Offshore Drilling Safety Rule OK’d

Friday, August 17, 2012 @ 02:08 PM gHale

A final set of safety rules for offshore drilling gained approval this week in an effort to fine tune a series of emergency measures put in place after the BP oil disaster in 2010.

Oil industry groups said they were still poring over the 137-page rule released by the Interior Department. Environmentalists called the rules insufficient to prevent another catastrophe such as the explosion on the Deepwater Horizon rig that killed 11 people and caused 200 million gallons of oil to leak into the Gulf of Mexico.


The goal of the safety measures is to make sure it is possible to stop oil flow if there are problems. They deal with the design of the wells and how they should go about testing cement and barriers used to secure the wells.

The rules also require that blowout preventers, which failed in the 2010 disaster, should undergo independent testing by a third party to ensure they are capable of cutting off the flow of oil.

“Today’s action builds on the lessons learned from the Deepwater Horizon tragedy and is part of the administration’s all-of-the-above energy strategy to expand safe and responsible development of America’s domestic energy resources,” said Jim Watson, director of the Bureau of Safety and Environmental Enforcement.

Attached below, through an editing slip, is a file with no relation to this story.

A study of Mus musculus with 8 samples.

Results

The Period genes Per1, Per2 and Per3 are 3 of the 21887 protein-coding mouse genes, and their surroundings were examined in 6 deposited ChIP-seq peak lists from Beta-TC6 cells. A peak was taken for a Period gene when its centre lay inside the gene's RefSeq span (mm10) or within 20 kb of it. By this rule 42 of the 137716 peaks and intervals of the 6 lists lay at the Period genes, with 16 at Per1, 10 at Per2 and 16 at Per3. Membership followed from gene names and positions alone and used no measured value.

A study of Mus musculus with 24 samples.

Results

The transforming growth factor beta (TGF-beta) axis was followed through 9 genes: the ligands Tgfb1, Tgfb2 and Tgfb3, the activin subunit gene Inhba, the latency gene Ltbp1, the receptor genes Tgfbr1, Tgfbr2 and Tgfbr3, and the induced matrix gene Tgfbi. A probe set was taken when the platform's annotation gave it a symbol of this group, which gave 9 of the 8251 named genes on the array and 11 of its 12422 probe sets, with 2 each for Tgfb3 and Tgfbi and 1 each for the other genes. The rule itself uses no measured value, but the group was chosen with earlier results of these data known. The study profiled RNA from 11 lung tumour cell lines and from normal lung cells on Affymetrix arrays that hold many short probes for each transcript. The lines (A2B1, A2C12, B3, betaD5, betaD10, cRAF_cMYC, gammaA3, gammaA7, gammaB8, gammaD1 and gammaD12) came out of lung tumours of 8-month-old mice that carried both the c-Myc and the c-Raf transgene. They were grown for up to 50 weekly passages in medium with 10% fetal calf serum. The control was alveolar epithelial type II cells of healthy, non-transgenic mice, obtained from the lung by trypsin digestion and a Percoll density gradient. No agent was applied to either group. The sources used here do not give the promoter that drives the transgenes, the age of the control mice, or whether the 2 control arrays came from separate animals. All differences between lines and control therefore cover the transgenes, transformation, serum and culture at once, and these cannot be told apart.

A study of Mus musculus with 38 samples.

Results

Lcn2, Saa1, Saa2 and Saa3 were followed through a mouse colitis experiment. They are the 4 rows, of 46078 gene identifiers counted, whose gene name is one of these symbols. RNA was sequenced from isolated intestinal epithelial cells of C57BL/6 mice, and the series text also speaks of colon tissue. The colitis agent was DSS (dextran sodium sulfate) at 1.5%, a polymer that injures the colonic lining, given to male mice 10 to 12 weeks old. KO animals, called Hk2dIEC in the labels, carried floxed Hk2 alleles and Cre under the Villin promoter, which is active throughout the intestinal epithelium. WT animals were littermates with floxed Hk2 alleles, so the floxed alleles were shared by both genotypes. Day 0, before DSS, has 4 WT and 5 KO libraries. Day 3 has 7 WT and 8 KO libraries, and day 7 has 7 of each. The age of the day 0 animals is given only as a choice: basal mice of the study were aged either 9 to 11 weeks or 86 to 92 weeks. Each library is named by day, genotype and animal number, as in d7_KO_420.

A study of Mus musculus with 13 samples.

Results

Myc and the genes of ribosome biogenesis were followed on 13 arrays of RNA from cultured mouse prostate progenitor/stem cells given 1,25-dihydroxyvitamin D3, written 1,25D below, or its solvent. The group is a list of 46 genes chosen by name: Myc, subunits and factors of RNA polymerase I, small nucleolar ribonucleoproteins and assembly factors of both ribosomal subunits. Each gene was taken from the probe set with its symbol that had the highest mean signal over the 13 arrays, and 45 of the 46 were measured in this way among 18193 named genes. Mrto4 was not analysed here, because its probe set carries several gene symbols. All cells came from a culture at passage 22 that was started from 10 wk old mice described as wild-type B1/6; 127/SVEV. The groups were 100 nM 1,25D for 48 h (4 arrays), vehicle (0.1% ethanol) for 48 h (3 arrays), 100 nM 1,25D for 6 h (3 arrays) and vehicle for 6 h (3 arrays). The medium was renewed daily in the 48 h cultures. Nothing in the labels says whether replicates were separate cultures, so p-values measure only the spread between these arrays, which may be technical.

The biggest change to the interim rules deals with industry standards broadly referenced as part of the rule. Industry groups, including the American Petroleum Institute, said the rule was confusing and could introduce new risk into the system. The interim rules made mandatory some measures the industry had made voluntary. The result was that some measures appeared to conflict with each other.

Watson said the changes incorporated input from stakeholders, suggestions from the public and recommendations from investigations that followed the spill.

The Interior Department said the final rules will cost the industry about $131 million annually to comply, or about $53 million less than the emergency rules. Among the changes, the department trimmed by about $86 million its estimate for how much it will cost to test remotely-operated underwater vehicles, such as those that provided video feeds of oil spilling into the Gulf in 2010.

“We are reviewing the rule and hope that they carefully considered the language used in the document to allow certainty and clarity for the industry,” said Reid Porter, a spokesman for the American Petroleum Institute. “Our No. 1 priority is safety.”